The majority (65%) of Australian parents (with children 0-17 years old) do not know what child myopia is and alarmingly, only 12% of parents recognise the health risk that their children might develop later in life from myopia.[1]  Myopia, or short-sightedness causes blurred distance vision, usually starts during childhood and typically progresses until a child stops growing.  However, there are two main factors which can mean your child is more at risk of developing myopia: lifestyle and family history. To slow the progression of myopia and reduce longer term eye health issues, myopia needs to be managed. There are many evidence-based options now available that can slow the progression of myopia. High myopia is associated with eye health risks later in life so reducing the prevalence and impact of myopia and understanding influencing factors is critical.

Myopia is forecast to reach epidemic proportions globally.[2]  Alarmingly, increases in the global prevalence of myopia and high myopia (a refractive error*of at least -5.00D in either eye)[3] mean that by 2020, it is estimated that 2 billion people worldwide will be affected. [4] By 2050, it is estimated that more than 50% of the world’s population will have myopia and 10% or almost 1 billion will have high myopia.[5]  36% of Australians are predicted to be myopic by 2020 and by 2050, that number is set to increase to 55%.[6] 

Lifestyle: modern lifestyles may influence the development of myopia.  These include:

  • Low levels of outdoor activity[7] and associated factors including:
  • Low levels of light exposure[8]
  • Prolonged near tasks[9] such as reading and gaming on portable devices

Family history: The likelihood of developing myopia, particularly high myopia increases when one or both parents are myopic.14  However, the exact link between a family history of myopia and development of childhood myopia remains uncertain.15

For parents who are concerned that their child might be myopic, or at risk of developing myopia, Abernethy Owens has this advice - The first step is to have your child’s eyes tested. If your child is diagnosed with myopia, it is important that you talk with your Optometrist about correcting the immediate sight issue, but importantly what can be done to slow progression of myopia. Being informed and having a discussion with your Optometrist around the best way to manage your child’s myopia is a critical first step.

For further information about child myopia talk to your Abernethy Owens Optometrist or book an appointment today. Additional useful information about myopia can be found at



A recent survey looking at parental understanding and perceptions around child myopia in Australia shows:

  • 76% of parents of children under 12 years old believe being prescribed glasses is the best course of action if a primary school age child is diagnosed with myopia.  In fact, there are many treatment options that should be discussed when managing myopia.
  • Almost half (49%) of Australian parents of children aged 17 years and under admit they do not know what causes myopia. 
  • Only 12% of parents know of the lifestyle factors that have an impact on child myopia (low levels of outdoor activity, low levels of light exposure, prolonged near tasks such as reading and gaming on portable devices).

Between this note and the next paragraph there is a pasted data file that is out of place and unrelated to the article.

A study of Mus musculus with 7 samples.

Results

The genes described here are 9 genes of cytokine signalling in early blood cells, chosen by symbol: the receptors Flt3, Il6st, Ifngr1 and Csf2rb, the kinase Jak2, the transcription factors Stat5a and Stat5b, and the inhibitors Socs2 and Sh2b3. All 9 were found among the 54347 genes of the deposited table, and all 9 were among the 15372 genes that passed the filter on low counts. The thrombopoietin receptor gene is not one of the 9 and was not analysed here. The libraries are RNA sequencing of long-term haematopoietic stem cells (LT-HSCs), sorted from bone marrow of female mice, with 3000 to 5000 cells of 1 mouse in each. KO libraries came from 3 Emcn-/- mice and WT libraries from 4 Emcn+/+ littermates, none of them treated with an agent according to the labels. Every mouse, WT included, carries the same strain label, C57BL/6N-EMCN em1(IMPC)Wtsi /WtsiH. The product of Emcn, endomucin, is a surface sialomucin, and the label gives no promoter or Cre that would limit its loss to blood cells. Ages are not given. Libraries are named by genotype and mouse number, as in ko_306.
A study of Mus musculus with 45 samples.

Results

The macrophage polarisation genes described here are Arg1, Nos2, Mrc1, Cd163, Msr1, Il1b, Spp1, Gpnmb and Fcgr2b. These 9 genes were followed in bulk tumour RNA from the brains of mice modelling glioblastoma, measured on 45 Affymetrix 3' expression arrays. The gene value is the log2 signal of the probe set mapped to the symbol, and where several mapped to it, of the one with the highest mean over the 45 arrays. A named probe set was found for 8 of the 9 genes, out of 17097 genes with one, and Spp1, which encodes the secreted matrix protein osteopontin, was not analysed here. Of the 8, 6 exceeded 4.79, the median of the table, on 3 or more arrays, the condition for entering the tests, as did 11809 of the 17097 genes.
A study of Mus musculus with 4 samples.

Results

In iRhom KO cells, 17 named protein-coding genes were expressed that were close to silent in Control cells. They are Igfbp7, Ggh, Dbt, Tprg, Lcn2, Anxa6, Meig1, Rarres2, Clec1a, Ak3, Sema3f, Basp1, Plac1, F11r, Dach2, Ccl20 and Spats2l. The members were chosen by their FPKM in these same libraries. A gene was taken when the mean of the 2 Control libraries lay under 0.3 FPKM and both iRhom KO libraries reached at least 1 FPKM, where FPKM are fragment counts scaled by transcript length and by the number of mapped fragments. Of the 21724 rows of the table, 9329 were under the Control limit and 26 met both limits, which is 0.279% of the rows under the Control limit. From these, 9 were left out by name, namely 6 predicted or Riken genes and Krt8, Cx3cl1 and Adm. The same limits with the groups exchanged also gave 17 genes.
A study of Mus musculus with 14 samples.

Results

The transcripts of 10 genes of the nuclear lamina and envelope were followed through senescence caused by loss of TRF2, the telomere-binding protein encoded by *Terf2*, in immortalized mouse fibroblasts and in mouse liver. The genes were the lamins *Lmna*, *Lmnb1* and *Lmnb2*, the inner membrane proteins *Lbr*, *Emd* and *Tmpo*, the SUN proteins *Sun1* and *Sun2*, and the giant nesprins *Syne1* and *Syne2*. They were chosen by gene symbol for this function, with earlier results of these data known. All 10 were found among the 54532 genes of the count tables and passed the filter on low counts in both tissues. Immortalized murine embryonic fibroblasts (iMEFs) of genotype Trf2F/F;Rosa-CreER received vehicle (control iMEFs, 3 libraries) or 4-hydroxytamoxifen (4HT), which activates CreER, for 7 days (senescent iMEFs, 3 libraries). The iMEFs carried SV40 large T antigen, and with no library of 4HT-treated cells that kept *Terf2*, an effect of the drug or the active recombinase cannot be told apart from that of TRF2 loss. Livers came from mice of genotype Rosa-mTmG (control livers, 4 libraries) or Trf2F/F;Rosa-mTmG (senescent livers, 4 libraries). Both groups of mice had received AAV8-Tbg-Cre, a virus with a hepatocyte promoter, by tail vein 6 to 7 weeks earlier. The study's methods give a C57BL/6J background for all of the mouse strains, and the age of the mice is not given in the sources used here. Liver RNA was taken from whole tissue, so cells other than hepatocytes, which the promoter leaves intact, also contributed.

• 31% of Australian kids (17 years and under) have never been to an Optometrist to have an eye test.
  • 44% of children have not been to an Optometrist to have an eye test before their ninth birthday.


Additional useful information about myopia can be found at

* Refractive error means that the shape of your eye does not bend light correctly, resulting in a blurred image. The main types of refractive errors are myopia (nearsightedness), hyperopia (farsightedness), presbyopia (loss of near vision with age) and astigmatism.

[1] CooperVision Australia and New Zealand: Child Myopia in Australia – consumer perceptions survey.  Conducted by YouGovGalaxy August/September 2018 between Wednesday 29 August and Monday 3 September 2018. The sample comprised 1,003 parents of children at home aged 0-18 years. 

[2] The impact of myopia and high myopia: Report of the Joint World Health Organization – Brien Holden Vision Institute Global Scientific Meeting on Myopia. University of New South Wales, Sydney, Australia. 16-18 March 2015

[3] ibid.

[4] ibid.

[5] ibid.

[6] Holden B; Fricke T; Wilson D; Jong M; Naidoo K; Sankaridurg P; Wong T; Naduvilath T; Resnikoff S. Global prevalence of myopia and high myopia and temporal trends from 2000 through

2050. American Academy of Ophthalmology 2016

[7] He M, Xiang F, Zeng Y et al. Effect of Time Spent Outdoors at School on the Development of Myopia Among Children in China: A Randomized Clinical Trial. JAMA 2015; 314:1142-1148

[8] Read SA, Collins MJ, Vincent SJ. Light Exposure and Eye Growth in Childhood. Investigative Ophthalmology and Visual Science 2015: 56(11):6779-6787

[9] Ip JM, Saw SM, Rose KA, Morgan IG, Kifley A, Wang JJ, Mitchell P. Role of Near Work in Myopia: Findings in a Sample of Australian School Children. Investigative Ophthalmology and Visual Science 2008:49(7):2903-2910

14 Lim LT, Gong Y, Ah-Kee EY, Xiao G, Zhang X. Impact of parental history of myopia on the development of myopia in mainland China school-aged children. Ophthalmology and  Eye Disease. 2014;6:31-5

15 Ip J, Huynh S, Robaei D, Rose K, Morgan I, Smith W, Kifley A, Mitchell P. Ethnic differences in the impact of parental myopia: Findings from a population-based study of 12-year old Australian children. Investigative Ophthalmology and Visual Science. 2007:48:2520-2528

16 CooperVision Australia and New Zealand: Child Myopia in Australia – consumer perceptions survey.  op.cit.